The State Minister of Health for General Duties, Sarah Opendi has denied the reports that government intends to import medical doctors from Cuba.
Although Minister Opendi admitted to the fact that a proposal to hire foreign doctors had been tabled, she said it has never been discussed conclusively.
“We have no preparations to hire Cuban doctors. This would require us to liaise with the Cuban authorities which hasn’t been done yet,” Opendi told journalists at Parliament on Wednesday.
A story published by Daily Monitor on Monday stated that government was set to bring in a total of 200 medics from Cuba, attracting a backlash from the doctors Association and the general public.
On Tuesday, legislators sitting on the Parliamentary Health Committee also opposed the plan, noting that it is not in good faith.
The MPs including Joel Sebikali, Fred Baseke, Betty Aol Sizomu expressed concern that importing doctors would not solve the long term problems facing the health sector.
Uganda Medical Association (UMA) which brings together medics in the country similarly contested the plan arguing that the country is not short of medical specialists.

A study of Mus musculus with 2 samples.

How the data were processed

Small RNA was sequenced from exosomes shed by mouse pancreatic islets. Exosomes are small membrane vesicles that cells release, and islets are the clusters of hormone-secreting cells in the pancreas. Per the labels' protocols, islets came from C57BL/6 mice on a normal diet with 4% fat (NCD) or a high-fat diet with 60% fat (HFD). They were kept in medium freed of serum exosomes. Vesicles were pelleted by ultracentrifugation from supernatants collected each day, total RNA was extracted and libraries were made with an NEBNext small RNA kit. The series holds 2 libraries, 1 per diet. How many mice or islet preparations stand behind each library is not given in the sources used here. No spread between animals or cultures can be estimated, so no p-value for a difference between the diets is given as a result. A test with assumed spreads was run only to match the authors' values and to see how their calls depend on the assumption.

“Government’s move to import Cuban doctors would be okay if it was in 1986 when Uganda was recovering from war. Then, we were at our lowest but in 2016, 30 years down the road, this means that the health sector has gone back to its level of 1986 and in political terms it means government is nowhere,” Dr. Ekwaro Obuku told journalists on Tuesday.
He said that up to 500 doctors graduate from school every year, on top of 150 specialist doctors that are chunned out annually.
“We have the most qualified doctors in the world who are lacking equipment. All they need is to once in a while go abroad and sharpen their skills,” he added.
Some of the members of the public have wondered why government would consider getting medics from abroad when Ugandan doctors lack the basic requirements like gloves, gauze and others to work.